I frind sent me this email. thought it might interest some of you!
By IRMARIE JONES
[ Originally published on: Friday, August 01, 2008 ]
A press release sent to The Recorder newsroom reminded me how important Lorenzo Lorraine Langstroth is to agriculture. You've never heard of him? There is a small monument in his memory on the lawn at the side of the Second Congregational Church in Greenfield, honoring him for inventing the modern beehive in 1851 -- the same type of beehive that is used today by most beekeepers.
The press release is from Marc Hoffman of Silver Spring, Md., who has written a one-man play, ''Bee Man,'' about Langstroth and is now performing it in that area.
The play is in three acts, the first act in Greenfield, 1854. The next two acts are in Oxford and Dayton, Ohio. I love the note at the bottom ... no live bees will be used during the performance.
On the church monument, there is a small carving in the stone of a beehive, which really just looks like a few wooden boxes on top of each other. It says, ''1810-1895, Lorenzo Lorraine Langstroth, minister, 1843-1848. Inventor of moveable frame beehive, which made modern beekeeping possible, 1851.
''This tablet is erected as an acknowledgement of the debt beekeepers of the world owe to his skills and unselfish leadership, scholar, observer, author, friend of mankind. July 19, 1848.'' Hoffman writes, ''Rev. Langstroth's contribution to our lives today is inestimable. He invented the modern beehive, which has made intensive cultivation of some crops possible and has greatly increased the yield of others.'' We forget how important bees are in carrying pollen from one plant to another. I remember once being told about a man who cleared some land in a woods to raise cucumbers and he got virtually no crop, because the woods were so dense bees didn't go there.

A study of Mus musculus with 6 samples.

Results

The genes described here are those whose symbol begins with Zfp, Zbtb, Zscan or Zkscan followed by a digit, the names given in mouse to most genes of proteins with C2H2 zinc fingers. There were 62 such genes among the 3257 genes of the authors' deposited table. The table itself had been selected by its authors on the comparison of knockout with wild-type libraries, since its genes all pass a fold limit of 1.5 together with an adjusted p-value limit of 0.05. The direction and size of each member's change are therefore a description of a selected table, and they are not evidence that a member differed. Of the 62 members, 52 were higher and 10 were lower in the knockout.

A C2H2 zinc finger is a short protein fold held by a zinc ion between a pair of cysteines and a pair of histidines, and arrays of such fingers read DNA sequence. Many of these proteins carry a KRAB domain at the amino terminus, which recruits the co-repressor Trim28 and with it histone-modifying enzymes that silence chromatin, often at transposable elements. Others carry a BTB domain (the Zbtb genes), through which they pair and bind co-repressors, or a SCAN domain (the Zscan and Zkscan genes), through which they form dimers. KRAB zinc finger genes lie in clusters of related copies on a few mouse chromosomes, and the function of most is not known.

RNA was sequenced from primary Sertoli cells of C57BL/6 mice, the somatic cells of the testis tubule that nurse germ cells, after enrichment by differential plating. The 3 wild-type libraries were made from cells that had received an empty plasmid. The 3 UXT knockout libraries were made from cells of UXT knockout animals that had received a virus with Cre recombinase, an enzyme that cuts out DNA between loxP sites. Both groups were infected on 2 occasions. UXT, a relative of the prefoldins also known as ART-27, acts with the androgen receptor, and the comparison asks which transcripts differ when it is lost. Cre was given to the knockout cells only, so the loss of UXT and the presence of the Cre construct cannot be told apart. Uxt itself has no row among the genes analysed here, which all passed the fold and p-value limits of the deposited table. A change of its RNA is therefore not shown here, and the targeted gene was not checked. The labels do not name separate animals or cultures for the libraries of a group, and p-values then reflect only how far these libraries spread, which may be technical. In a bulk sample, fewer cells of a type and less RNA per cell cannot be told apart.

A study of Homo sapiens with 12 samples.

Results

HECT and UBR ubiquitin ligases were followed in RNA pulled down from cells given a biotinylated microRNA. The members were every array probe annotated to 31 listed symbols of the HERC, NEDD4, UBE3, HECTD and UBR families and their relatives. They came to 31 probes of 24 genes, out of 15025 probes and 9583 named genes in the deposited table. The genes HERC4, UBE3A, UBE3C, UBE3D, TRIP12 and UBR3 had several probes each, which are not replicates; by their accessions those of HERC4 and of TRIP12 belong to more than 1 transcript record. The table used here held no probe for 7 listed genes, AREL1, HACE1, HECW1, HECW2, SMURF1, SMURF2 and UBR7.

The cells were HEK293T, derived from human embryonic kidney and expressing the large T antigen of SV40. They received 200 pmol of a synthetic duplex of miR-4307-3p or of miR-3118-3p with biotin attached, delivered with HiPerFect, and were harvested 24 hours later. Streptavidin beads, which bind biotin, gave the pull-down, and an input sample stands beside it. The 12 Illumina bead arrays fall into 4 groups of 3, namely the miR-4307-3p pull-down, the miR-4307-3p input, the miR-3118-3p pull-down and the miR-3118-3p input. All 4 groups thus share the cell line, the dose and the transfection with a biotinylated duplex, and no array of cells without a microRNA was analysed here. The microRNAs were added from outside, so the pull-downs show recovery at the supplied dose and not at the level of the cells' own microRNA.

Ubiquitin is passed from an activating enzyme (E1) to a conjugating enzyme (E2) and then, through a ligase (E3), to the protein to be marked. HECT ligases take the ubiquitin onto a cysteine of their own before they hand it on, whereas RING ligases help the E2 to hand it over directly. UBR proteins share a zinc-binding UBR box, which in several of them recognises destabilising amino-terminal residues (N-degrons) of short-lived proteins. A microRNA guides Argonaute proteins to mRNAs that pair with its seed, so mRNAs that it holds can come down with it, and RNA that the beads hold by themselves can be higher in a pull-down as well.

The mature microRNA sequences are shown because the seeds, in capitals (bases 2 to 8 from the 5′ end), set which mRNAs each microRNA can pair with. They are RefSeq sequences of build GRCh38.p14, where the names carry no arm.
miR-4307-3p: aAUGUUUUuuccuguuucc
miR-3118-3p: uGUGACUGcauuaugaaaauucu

Hoffman stresses that Langstroth's 1851 design is still ''the most economical and effective.''
''Langstroth was a family man, a scientist, an inventor, a writer, an abolitionist and a manic-depressive -- but, above all, a minister. But, poor health prevented him from being a very long pastor in his own church. He supplied pulpits as much as he could during the healthy periods in his life.
''Rev. Langstroth died in 1895 at the age of 85 on a Sunday morning in the pulpit, beginning a sermon. The beekeepers of his day erected a monument at his grave in Dayton, Ohio,'' Hoffman wrote.
Apparently, he wears a wig and costume to perform his play. I wonder if the Second Church would like him to come here to present the play.